The president of the Manasquan High School Endowment and Alumni Foundation last week stopped by the Board of Education's regular meeting to help "clear the air" on what board officials have described as misinformation regarding the group's fundraising efforts for the proposed Warrior Athletic Complex.
Robert Schatzman, the foundation's president, last Tuesday said that the foundation "has done little" to raise money for a proposed $2.9 million renovation of the high school's athletic complex.
Board officials have previously said that the foundation was willing to pledge $300,000 for the project, but earlier this month it appeared that a dollar amount never was defined.
Board President Michelle LaSala at last week's meeting said that the school district, from here on out, would have to lead the fundraising efforts and formulate a concrete plan for the project before pitching prospective donors.
"We realize that this is a project that really needs to be driven by the school district, and that the school district should be looking at donations from [the endowment] as being generous and assistance, but not relying on any private funding to fund something of this magnitude in its entirety."
LaSala said that previous stories in the media seemed to paint a picture that the board was not grateful for the endowment's past efforts. That, she said, is anything but the case.
"I think a lot of this [misinformation] is innocent inaccuracies, is what I call it," Schatzman said.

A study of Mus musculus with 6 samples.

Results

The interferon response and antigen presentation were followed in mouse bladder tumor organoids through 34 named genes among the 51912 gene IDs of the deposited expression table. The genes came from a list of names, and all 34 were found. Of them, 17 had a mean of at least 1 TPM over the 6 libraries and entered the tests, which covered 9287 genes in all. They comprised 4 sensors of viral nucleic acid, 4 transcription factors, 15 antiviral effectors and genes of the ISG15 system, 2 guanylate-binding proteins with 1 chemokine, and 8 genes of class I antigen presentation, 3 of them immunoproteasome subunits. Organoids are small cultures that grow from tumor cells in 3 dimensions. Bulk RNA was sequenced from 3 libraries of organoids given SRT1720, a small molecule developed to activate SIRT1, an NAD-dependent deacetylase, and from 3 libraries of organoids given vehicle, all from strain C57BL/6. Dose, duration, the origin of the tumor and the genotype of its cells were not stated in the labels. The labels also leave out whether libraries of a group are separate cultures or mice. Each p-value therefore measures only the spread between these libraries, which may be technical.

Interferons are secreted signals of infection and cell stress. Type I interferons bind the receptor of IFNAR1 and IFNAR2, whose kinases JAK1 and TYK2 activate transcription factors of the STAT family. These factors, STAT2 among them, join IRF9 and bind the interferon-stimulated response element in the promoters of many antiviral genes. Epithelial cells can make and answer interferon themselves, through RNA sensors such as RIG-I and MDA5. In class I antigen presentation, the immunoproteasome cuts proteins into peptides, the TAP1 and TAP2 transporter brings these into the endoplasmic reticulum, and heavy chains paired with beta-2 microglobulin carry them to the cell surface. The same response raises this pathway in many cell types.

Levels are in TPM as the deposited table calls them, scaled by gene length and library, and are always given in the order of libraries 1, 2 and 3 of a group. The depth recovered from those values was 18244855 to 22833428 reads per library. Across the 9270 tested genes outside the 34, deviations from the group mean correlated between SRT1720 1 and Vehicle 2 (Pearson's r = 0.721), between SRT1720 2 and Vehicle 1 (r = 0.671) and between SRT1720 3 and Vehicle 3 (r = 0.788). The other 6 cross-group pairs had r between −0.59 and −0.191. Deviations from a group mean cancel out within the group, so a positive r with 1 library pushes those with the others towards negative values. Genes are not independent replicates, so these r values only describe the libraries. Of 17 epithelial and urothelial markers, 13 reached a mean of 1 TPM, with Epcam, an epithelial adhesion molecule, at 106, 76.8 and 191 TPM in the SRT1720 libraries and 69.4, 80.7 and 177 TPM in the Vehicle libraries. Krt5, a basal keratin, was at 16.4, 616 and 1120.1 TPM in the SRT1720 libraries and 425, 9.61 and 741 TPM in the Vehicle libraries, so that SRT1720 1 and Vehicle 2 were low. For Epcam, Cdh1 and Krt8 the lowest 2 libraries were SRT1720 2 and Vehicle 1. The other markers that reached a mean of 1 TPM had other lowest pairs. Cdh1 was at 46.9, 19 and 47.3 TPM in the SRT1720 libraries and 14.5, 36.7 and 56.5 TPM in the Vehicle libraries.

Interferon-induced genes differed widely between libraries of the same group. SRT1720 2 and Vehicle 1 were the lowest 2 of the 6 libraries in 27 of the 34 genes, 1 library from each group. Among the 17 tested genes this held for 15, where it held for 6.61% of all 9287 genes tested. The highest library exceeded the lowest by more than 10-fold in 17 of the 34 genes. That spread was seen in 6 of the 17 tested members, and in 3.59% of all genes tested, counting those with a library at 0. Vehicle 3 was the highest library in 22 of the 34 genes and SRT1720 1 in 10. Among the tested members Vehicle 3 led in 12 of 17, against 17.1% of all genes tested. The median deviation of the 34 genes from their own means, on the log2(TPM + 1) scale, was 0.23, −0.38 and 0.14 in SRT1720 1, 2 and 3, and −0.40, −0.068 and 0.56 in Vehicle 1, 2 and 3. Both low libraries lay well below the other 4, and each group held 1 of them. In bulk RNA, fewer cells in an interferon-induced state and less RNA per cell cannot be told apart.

The foundation's primary purpose is to help students through scholarships and other support, Schatzman said.
Last year it spent $10,000, he said.
"So in the kind of scheme of things, versus a $25 million [school] budget, it's relatively small," Schatzman said.
The main obstacle facing the endowment's fundraising efforts was the lack of a concise plan regarding the field and, if any, commercial opportunities, such as naming rights on the concession stand, he said.
"That is a commercial transaction, that is not a donation," he said.
Another concern among potential donors involved the question of whether or not the new complex would contain a baseball field, Schatzman said.
"The bottom line was there was a lot of pushback on taking away a field to include a track," he said. "There has to be a definitive answer about baseball."
Ultimately, those decisions fall on the school board, Schatzman said.
"I think there's been this sense that the foundation has had a far more pervasive role as it relates to a very important decision about the field than we really have," he said.
In June, Thomas Bauer, chair of the board's Buildings and Grounds Committee, presented three options to the public: a $300,000 plan to eliminate the cinder track at the High School and redo the sports fields with natural grass; a $650,000 plan to eliminate the track and build a synthetic turf football field; and a $2.9 million plan rolled-out in four phases that would include new baseball and softball fields and lighting at the Elementary School, and a new regulation track, synthetic turf football field and bleachers at the High School.
The board since then has not decided in which direction to proceed.
"In all fairness, [the endowment has] made great efforts, and on the board side of it, since the project started, there's never been a clear direction given to them from the board," LaSala has said.